The rule of law was the starting point. But the real breakthrough was when they came up with the concept of rights. Rights were anti-law, rights are places the law can’t go. Rights are so important to retaining freedom that when they weren’t put in the Constitution, the first Congress and three-quarters of the States jammed ten of them into that document by amendment in four short years.
We call those ten amendments the Bill of Rights, but they’re really the Bill of Leave Us the Hell Alone.
Rights and laws: If you can locate the balance point between those two poles you’ll have a pretty good idea how free a given society is. And if you want a society that is self-governing and sustainable you should also know this:
The best laws aren’t the ones that are enforced. They are the ones that are obeyed.
There is a cost when laws are foolish, outdated, unjust, or generally disregarded and held in contempt. Such laws devalue the currency of the other laws. It’s the legal equivalent of inflation—have too many worthless laws and soon the whole legal edifice is bankrupt.
Rights are even more frail. The USSR had a bill of rights, but it rarely advanced beyond the theoretical. Rights are the restraint of power by paper. It’s a miracle they are ever respected at all.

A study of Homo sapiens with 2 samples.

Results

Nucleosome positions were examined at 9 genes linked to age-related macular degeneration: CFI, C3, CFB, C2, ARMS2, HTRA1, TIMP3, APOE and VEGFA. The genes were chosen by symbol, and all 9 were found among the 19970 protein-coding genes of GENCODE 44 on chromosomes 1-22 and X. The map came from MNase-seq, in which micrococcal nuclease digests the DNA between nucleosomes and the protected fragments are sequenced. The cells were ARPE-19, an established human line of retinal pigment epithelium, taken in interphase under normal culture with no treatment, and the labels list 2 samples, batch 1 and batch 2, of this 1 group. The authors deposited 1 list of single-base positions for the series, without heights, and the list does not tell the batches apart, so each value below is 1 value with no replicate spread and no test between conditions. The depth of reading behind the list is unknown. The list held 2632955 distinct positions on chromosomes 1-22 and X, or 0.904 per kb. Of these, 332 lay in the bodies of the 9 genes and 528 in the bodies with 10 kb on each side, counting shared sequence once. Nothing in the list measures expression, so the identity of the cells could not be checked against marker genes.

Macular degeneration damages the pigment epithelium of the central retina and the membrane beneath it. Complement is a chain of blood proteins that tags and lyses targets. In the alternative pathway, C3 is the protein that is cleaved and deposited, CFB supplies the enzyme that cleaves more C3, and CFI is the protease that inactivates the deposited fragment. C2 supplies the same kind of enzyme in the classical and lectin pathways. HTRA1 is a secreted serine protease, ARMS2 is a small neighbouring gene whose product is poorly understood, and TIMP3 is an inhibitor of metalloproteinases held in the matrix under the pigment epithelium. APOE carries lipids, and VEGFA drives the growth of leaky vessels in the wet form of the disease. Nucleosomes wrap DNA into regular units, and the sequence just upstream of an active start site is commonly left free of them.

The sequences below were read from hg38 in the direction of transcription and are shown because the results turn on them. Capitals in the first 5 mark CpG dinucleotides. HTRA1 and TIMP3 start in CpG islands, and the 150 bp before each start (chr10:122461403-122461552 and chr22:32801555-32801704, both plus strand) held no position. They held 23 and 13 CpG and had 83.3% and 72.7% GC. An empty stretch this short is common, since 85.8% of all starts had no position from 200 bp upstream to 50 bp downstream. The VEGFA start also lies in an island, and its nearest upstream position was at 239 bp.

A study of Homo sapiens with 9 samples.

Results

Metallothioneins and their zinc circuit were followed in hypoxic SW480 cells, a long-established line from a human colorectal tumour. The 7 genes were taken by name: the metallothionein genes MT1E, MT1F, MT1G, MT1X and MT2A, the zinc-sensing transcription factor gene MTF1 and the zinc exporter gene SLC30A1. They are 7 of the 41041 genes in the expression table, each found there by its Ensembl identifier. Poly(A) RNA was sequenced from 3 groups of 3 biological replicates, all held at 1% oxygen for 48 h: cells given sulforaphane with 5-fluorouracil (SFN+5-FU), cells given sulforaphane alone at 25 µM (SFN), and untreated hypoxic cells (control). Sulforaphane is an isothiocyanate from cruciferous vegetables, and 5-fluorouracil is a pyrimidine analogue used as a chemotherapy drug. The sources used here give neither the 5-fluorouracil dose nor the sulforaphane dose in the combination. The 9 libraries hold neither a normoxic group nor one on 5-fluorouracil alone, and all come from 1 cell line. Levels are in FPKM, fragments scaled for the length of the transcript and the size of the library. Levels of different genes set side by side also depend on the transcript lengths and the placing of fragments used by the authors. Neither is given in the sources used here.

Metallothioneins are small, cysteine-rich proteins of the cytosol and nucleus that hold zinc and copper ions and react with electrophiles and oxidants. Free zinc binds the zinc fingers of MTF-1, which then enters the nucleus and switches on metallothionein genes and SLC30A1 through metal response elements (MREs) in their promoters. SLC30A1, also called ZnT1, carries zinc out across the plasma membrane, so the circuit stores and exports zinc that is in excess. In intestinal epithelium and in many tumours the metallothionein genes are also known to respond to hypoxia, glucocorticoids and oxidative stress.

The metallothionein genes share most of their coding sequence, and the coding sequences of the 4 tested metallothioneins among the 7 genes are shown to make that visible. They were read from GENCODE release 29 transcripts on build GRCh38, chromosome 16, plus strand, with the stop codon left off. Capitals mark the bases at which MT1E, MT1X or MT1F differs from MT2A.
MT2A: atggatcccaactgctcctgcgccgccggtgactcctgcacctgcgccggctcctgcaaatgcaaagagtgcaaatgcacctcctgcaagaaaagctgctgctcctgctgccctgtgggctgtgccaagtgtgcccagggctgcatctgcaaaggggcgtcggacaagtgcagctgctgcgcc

The alternative to Rights and Laws is Rules and Obedience. Mankind lived under that yoke for as long as mankind lived, until the last couple of centuries, because it worked. The alternative was the law of the jungle and we’d left the jungle behind when we dug the first ditch. But, as the old saying goes, you can take the homo sapiens out of the jungle, but you can’t take the jungle out of the homo sapiens. Bullies and brutes, the nefarious and the negligent, are always with us, probably in proportions unchanged since the stone age. Mankind needs to be ruled or it dies. The only question is how.
The great good act behind Mr. Cheney’s tacit support for gay marriage is that he said it out loud. He could have hidden behind his politics and condemned it, while quietly telling Mary, “Go to Sweden, honey, and I’ll walk you down the aisle.”
But he didn’t, he supported tolerance instead. That’s an example for all of us libertarian fascists. If we are going to live together in peace and freedom, if we are to properly balance rights and laws, we need restraint in our behavior and tolerance in our opinions, both as much as humanly practical.
But who gets to say how much is practical? Why me, of course.